Sun | Aug 1, 2021

Ja urged to support blood drive

Published:Saturday | April 24, 2021 | 12:22 AMJonielle Daley/Staff Reporter
Carlington Hall (left) from the Ministry of Health and Wellness assists Devon Guscott as he prepares to donate blood yesterday at a blood drive in Homestead, St Catherine.
Carlington Hall (left) from the Ministry of Health and Wellness assists Devon Guscott as he prepares to donate blood yesterday at a blood drive in Homestead, St Catherine.

After four hours, only three persons turned up to donate blood at the Homestead Community Centre in Spanish Town, St Catherine, yesterday. The blood drive was the second hosted this year by the ‘I Have a Heart’ (iHAH) Foundation on their journey to host a blood drive across the island in partnership with all members of parliament.

Abi-Gaye Smythe, founder and managing director of iHAH, said she was hoping to get at least 30 units of blood from Friday’s ‘Blood Drive: Save A Heart’.

“The pandemic has dampened everything a bit and persons are very sceptical about giving blood, some persons are scared and then the whole conspiracies now surrounding the vaccines have made things worse,” said Smythe who continues to serve while battling a rare and progressive heart disease.

Sixteen pints of blood were collected at the first drive held in February this year, in partnership with Pearnel Charles Jr and the Clarendon South Eastern constituency he represents. Since 2019, four blood drives have been held.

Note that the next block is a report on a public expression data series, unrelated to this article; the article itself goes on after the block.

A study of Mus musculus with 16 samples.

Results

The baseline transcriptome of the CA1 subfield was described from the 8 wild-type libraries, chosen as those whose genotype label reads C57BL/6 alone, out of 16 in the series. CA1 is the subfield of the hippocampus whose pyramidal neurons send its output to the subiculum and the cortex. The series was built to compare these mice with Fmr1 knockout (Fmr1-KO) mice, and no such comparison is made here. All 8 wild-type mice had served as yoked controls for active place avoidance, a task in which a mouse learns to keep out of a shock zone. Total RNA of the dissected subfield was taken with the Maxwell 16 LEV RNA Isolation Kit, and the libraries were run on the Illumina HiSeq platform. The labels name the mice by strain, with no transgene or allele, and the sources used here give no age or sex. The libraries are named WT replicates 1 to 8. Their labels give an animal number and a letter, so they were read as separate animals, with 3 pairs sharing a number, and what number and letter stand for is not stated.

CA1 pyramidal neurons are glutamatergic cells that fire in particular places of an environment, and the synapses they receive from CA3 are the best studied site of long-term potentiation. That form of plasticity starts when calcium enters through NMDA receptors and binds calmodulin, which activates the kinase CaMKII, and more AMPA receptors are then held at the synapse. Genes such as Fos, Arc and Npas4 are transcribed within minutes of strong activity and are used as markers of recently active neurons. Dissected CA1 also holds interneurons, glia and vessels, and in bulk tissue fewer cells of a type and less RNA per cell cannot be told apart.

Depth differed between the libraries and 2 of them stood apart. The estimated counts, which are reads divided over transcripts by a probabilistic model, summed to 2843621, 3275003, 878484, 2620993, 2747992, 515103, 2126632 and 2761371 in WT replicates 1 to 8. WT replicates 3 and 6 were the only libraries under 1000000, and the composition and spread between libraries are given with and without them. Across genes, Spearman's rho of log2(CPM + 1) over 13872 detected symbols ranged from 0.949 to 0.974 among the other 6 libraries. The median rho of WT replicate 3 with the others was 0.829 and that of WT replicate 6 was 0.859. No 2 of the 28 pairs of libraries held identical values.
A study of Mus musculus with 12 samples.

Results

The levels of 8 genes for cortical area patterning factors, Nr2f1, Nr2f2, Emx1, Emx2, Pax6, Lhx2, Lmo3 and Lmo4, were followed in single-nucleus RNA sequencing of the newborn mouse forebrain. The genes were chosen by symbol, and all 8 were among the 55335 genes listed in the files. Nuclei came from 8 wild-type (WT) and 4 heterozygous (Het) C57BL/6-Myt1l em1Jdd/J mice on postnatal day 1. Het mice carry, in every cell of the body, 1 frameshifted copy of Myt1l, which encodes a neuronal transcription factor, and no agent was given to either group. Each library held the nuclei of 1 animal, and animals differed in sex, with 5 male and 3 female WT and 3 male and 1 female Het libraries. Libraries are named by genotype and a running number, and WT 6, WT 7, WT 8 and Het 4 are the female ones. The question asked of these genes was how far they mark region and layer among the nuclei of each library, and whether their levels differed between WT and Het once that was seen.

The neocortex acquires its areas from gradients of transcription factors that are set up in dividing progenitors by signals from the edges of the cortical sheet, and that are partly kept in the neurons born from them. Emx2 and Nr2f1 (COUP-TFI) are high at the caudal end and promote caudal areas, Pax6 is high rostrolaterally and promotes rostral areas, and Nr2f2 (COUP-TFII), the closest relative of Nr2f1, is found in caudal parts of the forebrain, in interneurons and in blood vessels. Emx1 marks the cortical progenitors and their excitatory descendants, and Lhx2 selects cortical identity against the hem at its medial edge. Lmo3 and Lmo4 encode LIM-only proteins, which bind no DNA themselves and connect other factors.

The Abi-Gaye Smythe ‘I Have a Heart’ Foundation is a non-profit organisation that aims to promote, educate, facilitate, and advocate for the needs of people with heart disease across Jamaica. In 2018, the foundation partnered with the New York-based Organization for International Development to provide free surgeries for 23 heart patients in Jamaica.

Marginal increase in donations

Andrew Wheatley, MP for St Catherine South Central, the constituency of which Homestead is a part, was the first person to give blood yesterday.

Keishawan Pinnock, assistant blood donor organiser at the National Blood Transfusion Service, said there has been a marginal increase in donations since March 2020 but it was still inadequate.

“When it comes to blood donations, we still had some of our partners that were keen on donating blood, but we were supplemented by our uniformed groups,” she said, explaining that while some partners have been keen on donating, fears surrounding COVID-19 have caused many to delay giving blood and cancel blood drives.

Uniformed groups include workers from the Jamaica Defence Force, Jamaica Constabulary Force and correctional officers.

Pinnock reassured persons who wanted to give blood that the donation centres were adhering to all stipulations under the Disaster Risk Management Act.

She also spoke about the benefits of giving blood. “Each and every time you donate blood, you are reducing your cholesterol, you are burning calories,” she said.

Blood donation has also been listed as an effective method of stress management.

She is encouraging Jamaicans to start seeing blood drives as investments and start stocking up at the blood bank. Pinnock explained that during emergencies family members oftentimes have not been able to donate because of the rise in blood pressure caused by stress.